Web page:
The most exciting thing about He Said, She Said is wondering if we’ll still be married by the end of each post! We both write on the same topic but we don’t read the other’s work until after it’s published.
“Joey doesn’t share food.”
Your diets don’t need to match but your passion for food does.
What’s more, he says:
In a way I wish Mrs Romance and I had a less similar taste in food. As I’ve mentioned before in my rant about picnics, sharing food isn’t high on my happy list. It’s not that I resent giving Mrs R a taste of what I’ve got. Far far from it. It’s just that I’m a greedy pig and want it all for myself!
For the most part, I think we are quite closely food-compatible. In restaurants we’ll often be eying up the same things.
I suppose that’s to be expected though. We’ve been together for almost 14 years now. There’s always going to be a bit of melding over that kind of time period. I sometimes wonder if we’ll wake up one morning just one body, and two heads, two arms and two legs.
But there are a few differences that set us WAY apart.
When it comes to looking through menus, Mrs R heads straight for the desserts list and plans her entrée and main course from there.
I, on the other hand, agonise over the main courses and then, if I have time, glance at the prices of the scotches and cognacs. And maybe the cheese plate if there is one.
Coming from a cold country, I have an innate love of comfy foods. I’m a huge fan of the most useful of vegetables – the potato. Mrs R really doesn’t care for them in any format other than gnocchi thanks to her Italian heritage (chips also get a let). She’s outwardly aggressive towards the humble mash.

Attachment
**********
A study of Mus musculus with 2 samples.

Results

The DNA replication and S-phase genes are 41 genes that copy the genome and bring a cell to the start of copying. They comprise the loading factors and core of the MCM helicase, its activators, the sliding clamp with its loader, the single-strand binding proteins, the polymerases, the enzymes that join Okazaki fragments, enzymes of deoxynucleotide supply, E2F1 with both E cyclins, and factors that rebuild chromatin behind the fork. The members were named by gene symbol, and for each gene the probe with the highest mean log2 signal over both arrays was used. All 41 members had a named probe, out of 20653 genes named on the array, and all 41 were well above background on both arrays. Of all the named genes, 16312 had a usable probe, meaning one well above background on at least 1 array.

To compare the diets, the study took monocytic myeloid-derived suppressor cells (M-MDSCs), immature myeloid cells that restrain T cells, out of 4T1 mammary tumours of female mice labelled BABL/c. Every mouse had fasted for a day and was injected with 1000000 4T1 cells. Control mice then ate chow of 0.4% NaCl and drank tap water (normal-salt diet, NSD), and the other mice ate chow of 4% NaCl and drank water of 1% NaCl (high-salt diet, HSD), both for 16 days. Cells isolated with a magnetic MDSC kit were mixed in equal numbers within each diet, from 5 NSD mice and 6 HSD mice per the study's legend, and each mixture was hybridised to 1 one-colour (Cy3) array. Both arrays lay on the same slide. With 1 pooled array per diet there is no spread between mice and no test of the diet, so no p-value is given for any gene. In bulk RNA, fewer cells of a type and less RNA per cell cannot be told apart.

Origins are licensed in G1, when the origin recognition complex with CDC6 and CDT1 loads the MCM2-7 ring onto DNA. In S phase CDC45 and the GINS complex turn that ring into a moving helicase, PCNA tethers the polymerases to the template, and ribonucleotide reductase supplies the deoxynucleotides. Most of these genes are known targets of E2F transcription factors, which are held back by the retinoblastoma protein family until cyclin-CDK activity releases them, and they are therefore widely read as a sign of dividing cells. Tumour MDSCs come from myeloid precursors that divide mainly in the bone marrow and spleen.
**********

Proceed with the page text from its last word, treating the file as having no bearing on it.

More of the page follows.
Born and bred in Sydney, Mrs R loves South-East Asian food. She loves the fresh, sweet and sour blends of flavour and the lightness and delicacy of Thai and Viet dishes.
England, whose national dish is now officially Indian food, has taught me to lust after food from the subcontinent. I could eat a vindaloo three times a week if I could. I don’t mind Thai or Vietnamese food but it wasn’t really what I ate growing up.
In fact the sweet and sour versions found in the UK only came in the kind of orange found on the jackets of those working on road sites. It wasn’t great.
And since Mrs R has discovered she’s gluten intolerant, we’ve altered our diet quite a bit. No more bread in the house, which I found very hard early on, no more quick easy pasta dinners, and no more homemade pies as GF pastry is a massive pain to make.
It’s very interesting though, that, by and large, we’ve come to understand each other’s palettes. We’re now happy to eat whatever the other feels like.
I do wonder if two people can be together who have such different tastes in food that they can’t even go to the same restaurant. That must make it tough.
And another thing, she says:
Food is a very important part of my life.
This topic came up because we were talking about adventurous eaters, and how we think it’s important to be with someone who is willing to try new things. I could never be with someone who refused to try new foods.
For me, trying new cuisines is one of the best experiences of travel. I’m not afraid to try anything, once, and I’m glad my partner feels the same. I would feel frustrated with someone who didn’t enjoy food adventures.
The only food issue I have with Mr R is that he doesn’t like to share food. A bit like Joey from Friends, he gets a little territorial and hates people trying food from his plate. He copes well with shared dishes at restaurants but he’s happiest when he orders what he wants and doesn’t share.
In recent times our diets have started to vary. I have developed some dietary intolerances so I’ve had to reluctantly adjust what I eat. Mr R has adapted well and doesn’t mind cooking a different meal for me.
Food compatibility is something you need to work out in a relationship. Your diets don’t have to be an exact match and sometimes opposites attract. My dad was Italian so lived to eat, while my mum mainly eats to live. However, she does appreciate good food and that’s where the compatibility lay.
How do you and your partner match up on the food-compatibility scale?